Water Vs Milk: Which is The Best Addition For Scrambled Eggs?

Many chefs advocate using milk for making scrambled eggs and appreciate its ability to enhance the richness and creaminess of the eggs. Julia Child, the renowned culinary expert, preferred adding milk to her scrambled eggs, emphasizing the improved texture and flavour it brought. However, water can also be a worthy substitute. 

Whereas many chefs prefer water for its ability to produce light, airy scrambled eggs. They argue that water allows the eggs to remain the focus of the dish without additional flavours or textures interfering. Famous chefs like Gordon Ramsay often recommend adding a splash of water for optimal fluffiness.

The basic steps involve whisking eggs until the yolks and whites are fully combined, then cooking them gently over medium-low heat while stirring continuously. The goal is to achieve soft, creamy curds without overcooking. Adding a liquid to the eggs before cooking is a common practice meant to enhance texture and flavour.

What does water do?

Water in scrambled eggs can make your eggs light and fluffy. When water is heated, it turns into steam, which expands the egg mixture as it cooks, creating air pockets. This results in a lighter texture. Typically, about one tablespoon of water per egg is sufficient.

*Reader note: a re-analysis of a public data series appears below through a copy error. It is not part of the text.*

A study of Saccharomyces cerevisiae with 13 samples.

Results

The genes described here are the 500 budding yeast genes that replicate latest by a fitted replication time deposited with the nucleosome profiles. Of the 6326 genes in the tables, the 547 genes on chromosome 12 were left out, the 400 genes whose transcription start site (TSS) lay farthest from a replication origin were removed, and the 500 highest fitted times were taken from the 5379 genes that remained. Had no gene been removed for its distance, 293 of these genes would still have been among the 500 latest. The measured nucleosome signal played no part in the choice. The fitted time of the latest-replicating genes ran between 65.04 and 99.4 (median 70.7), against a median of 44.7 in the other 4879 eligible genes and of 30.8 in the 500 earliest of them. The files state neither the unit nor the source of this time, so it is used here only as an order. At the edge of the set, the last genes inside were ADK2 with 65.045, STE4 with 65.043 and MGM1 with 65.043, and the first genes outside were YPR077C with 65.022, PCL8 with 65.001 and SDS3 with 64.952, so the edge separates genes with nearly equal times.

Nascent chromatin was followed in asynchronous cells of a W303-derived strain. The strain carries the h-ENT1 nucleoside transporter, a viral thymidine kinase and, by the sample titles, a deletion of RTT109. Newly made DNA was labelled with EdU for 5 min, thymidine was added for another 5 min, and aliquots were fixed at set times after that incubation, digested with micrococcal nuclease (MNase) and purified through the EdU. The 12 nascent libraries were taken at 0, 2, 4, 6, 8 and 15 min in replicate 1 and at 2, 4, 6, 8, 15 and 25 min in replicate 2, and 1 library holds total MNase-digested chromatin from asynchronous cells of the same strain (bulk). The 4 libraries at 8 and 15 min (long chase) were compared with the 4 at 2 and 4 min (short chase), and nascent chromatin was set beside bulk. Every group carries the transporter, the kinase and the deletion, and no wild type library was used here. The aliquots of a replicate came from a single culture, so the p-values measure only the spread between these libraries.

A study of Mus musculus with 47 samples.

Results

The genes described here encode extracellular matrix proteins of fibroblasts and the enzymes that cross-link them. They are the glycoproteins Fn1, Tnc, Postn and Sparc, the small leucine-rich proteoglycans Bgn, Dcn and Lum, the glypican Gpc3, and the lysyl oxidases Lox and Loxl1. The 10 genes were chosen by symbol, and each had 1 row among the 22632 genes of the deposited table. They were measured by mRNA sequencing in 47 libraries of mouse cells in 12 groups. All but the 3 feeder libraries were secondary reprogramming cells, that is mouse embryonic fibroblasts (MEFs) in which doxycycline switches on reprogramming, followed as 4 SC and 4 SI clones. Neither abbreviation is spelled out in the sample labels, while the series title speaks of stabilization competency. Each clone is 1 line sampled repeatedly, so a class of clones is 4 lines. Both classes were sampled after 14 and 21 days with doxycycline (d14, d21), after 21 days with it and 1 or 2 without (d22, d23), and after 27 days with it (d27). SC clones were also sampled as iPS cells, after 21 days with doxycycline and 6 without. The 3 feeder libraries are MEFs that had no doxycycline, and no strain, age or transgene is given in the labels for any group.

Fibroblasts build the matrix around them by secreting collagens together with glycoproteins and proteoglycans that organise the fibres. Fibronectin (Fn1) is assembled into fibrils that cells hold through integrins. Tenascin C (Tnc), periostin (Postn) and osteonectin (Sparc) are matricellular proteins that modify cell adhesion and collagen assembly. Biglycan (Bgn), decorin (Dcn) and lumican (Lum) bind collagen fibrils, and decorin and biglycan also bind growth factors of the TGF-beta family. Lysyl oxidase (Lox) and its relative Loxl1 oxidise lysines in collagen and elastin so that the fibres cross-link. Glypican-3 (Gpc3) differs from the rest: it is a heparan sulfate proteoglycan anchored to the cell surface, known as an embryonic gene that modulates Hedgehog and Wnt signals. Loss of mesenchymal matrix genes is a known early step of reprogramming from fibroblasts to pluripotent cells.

Water is neutral, which means it does not alter the taste of the eggs. This allows the natural flavour of the eggs to shine through, which can be desirable if you’re using farm-fresh or high-quality eggs with a rich, natural taste. The steam created by water keeps the eggs tender. Water prevents the proteins in the eggs from bonding too tightly, which can result in a rubbery texture if overcooked.

What does milk do?

Milk can make scrambled eggs creamier and slightly denser than those made with water. The fat content in milk adds richness and can help achieve a more velvety consistency. Whole milk, with its higher fat content, tends to produce the creamiest results, though some people use skim milk or even cream, depending on their preference.

Milk imparts a subtle, sweet flavour to the eggs. This can enhance the overall taste, especially if you enjoy a richer, more indulgent breakfast. The proteins in milk interact with the proteins in eggs, resulting in a tender curd structure. The fat content in milk helps to create a buffer around the egg proteins, reducing the risk of overcooking and making the eggs more forgiving to cook.

The verdict

If you prefer light, fluffy, and pure-tasting scrambled eggs, water is your best bet. It allows the natural flavours of the eggs to shine and keeps the dish low in calories. On the other hand, if you enjoy a richer, creamier texture and don’t mind the extra calories, milk is an excellent choice. It adds a subtle sweetness and enhances the overall flavour, making for a more indulgent breakfast. Try making scrambled eggs with both water and milk on different occasions to see which version you prefer!